Property owners struggling to pay taxes on their land and to maintain it are particularly vulnerable these days to another challenge: developers.
As the economy has improved, builders are ramping up their business. And often the promise of some quick cash pushes land-poor property owners to make a sale that they don't want to make: land that has belonged in their family for generations.
It's a sale that conservationists lament as well - one more piece of rural property fallen to development.
The Center for Heirs' Property Preservation, in its mission to help families obtain clear title to their land, has seen the cycle too often.
Now the center is going one step further. Executive director Jennie L. Stephens explains today on our Commentary page that a new program helps qualifying property owners develop forestry plans that will produce income, making it possible for them to keep their land.
And, at the same time, good forestry management is good for promoting healthy forests.
The lineup of sponsors is an apt reflection of the goals of the Sustainable Forestry Program. The U.S. Endowment for Forestry and Communities, the USDA Forest Service and the USDA/Natural Resources Conservation Service all see merit in supporting efforts to help landowners (African American landowners in this case) hold on to their family land.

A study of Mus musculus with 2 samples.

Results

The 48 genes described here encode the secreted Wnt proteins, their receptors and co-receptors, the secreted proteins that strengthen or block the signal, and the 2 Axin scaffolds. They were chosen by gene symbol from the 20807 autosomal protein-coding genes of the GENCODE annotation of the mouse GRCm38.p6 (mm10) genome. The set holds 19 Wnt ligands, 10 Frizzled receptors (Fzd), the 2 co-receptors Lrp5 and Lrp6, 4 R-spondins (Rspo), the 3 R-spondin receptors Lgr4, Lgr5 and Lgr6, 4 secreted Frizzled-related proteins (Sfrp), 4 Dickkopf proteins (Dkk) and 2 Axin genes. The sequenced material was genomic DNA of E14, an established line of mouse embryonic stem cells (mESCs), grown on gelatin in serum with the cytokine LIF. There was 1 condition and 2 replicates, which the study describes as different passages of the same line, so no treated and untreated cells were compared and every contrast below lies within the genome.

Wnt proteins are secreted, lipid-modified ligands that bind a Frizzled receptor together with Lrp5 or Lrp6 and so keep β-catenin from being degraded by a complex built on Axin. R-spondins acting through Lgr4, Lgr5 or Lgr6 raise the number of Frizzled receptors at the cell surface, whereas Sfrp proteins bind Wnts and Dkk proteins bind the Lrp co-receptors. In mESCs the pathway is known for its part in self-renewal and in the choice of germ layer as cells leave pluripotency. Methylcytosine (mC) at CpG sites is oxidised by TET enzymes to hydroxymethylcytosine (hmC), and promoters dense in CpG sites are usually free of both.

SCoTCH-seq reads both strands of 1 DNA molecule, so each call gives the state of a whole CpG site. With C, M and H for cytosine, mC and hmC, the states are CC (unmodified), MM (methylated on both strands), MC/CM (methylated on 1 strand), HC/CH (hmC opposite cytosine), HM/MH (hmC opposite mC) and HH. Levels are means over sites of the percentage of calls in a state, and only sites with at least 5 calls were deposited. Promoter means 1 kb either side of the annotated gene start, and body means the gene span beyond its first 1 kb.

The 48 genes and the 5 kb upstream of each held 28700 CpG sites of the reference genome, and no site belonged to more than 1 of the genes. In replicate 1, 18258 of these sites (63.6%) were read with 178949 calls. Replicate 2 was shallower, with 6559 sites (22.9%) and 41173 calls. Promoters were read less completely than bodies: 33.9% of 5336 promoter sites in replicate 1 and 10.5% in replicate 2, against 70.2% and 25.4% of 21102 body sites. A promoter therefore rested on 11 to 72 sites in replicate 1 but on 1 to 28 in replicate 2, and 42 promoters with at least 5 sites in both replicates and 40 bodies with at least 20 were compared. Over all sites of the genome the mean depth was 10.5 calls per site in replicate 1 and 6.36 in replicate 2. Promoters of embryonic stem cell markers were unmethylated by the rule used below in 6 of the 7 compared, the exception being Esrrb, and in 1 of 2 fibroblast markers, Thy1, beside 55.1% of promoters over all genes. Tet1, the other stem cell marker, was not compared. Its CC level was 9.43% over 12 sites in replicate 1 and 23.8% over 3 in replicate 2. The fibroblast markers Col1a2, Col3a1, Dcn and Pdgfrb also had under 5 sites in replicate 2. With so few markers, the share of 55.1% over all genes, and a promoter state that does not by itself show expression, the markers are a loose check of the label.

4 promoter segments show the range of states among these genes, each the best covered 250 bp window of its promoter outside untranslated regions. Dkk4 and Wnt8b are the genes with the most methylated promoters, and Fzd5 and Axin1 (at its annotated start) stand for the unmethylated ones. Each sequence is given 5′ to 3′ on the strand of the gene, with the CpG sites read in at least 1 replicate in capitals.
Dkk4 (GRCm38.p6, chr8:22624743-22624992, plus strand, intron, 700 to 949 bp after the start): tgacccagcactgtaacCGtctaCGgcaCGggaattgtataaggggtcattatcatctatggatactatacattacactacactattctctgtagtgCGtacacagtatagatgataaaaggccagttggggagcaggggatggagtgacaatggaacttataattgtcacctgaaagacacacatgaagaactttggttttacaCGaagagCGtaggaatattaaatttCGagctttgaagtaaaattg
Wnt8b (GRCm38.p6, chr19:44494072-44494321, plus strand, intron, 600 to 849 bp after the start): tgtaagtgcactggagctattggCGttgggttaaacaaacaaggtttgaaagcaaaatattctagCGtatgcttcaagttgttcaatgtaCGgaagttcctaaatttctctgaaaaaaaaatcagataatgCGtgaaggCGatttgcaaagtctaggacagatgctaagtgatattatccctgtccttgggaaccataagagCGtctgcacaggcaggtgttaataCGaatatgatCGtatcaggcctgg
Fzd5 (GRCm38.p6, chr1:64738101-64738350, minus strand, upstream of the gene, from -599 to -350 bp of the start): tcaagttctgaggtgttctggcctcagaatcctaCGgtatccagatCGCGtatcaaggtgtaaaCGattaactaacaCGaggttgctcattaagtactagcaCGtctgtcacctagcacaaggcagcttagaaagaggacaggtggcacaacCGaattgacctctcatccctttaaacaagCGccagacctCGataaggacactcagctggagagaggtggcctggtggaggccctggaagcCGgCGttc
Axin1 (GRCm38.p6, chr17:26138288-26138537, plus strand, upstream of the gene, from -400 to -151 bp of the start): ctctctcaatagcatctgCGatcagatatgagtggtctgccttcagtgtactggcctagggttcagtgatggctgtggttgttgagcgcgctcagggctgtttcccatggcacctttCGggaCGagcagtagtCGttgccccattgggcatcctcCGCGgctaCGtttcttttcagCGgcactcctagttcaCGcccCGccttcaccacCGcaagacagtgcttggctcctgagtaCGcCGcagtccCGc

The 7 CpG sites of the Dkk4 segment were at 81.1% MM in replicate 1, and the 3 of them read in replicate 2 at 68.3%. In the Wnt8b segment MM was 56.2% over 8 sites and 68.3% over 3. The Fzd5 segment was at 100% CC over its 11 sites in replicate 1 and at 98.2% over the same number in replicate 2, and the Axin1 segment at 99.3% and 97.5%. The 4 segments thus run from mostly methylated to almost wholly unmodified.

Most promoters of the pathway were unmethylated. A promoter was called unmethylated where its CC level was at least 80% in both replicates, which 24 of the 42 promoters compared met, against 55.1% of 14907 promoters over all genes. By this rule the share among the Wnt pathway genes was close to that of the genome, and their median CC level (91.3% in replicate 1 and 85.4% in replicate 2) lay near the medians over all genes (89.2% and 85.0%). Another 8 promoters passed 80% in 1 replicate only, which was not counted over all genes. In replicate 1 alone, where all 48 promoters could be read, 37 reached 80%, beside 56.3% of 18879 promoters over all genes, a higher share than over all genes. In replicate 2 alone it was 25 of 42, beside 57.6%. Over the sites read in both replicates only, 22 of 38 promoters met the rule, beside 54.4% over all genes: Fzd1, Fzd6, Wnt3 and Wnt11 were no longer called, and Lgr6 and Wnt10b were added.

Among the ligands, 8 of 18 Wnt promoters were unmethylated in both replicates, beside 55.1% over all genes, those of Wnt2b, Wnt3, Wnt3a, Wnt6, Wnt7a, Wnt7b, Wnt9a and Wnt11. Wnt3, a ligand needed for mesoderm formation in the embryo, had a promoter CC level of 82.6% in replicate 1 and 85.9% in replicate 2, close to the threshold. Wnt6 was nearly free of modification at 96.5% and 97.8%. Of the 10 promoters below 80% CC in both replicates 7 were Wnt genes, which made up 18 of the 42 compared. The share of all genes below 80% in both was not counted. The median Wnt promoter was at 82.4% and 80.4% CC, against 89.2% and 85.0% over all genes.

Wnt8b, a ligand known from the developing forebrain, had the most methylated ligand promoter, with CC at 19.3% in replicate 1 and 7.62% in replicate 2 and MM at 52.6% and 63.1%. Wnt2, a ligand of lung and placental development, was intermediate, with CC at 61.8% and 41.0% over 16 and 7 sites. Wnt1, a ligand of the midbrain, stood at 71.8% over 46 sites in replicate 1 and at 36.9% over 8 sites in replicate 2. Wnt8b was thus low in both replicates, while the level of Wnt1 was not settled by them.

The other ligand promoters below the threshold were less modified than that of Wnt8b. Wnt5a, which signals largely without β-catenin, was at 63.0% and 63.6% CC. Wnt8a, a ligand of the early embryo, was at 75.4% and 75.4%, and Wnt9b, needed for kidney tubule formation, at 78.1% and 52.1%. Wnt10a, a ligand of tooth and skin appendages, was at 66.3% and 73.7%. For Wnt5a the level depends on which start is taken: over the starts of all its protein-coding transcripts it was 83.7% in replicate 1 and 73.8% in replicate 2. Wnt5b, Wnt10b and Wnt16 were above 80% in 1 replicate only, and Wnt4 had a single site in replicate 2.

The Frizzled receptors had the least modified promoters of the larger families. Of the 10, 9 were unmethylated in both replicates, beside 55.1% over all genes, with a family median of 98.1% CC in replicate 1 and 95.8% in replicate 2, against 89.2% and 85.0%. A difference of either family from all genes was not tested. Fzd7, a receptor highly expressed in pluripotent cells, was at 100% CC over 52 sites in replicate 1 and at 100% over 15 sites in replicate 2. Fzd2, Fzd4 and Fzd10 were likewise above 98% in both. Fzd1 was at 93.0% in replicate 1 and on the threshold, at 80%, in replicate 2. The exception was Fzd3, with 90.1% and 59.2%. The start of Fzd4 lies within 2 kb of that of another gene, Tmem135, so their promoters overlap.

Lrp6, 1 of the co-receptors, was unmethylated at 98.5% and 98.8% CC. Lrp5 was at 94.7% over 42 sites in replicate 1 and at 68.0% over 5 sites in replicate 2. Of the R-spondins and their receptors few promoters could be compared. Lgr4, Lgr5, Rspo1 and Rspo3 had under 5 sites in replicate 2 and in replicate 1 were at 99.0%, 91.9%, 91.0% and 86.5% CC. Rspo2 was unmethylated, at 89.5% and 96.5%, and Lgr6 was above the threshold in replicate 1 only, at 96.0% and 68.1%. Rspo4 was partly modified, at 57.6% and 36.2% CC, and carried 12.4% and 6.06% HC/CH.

Clearly, the program is seen as benefiting forests in general.
And the Center for Heirs' Property Preservation for years has recognized the human value of families preserving their heritage.
Doing that can be complicated as land is passed down from generation to generation without clear title, leaving it at risk. The Heirs' Property center guides people through those legal steps.
And now the center is teaching some of those same families that their work to clear titles was a worthy thing to do.
The property isn't just a tie to the past, but a road to a more prosperous future.
And it's good for the environment, too.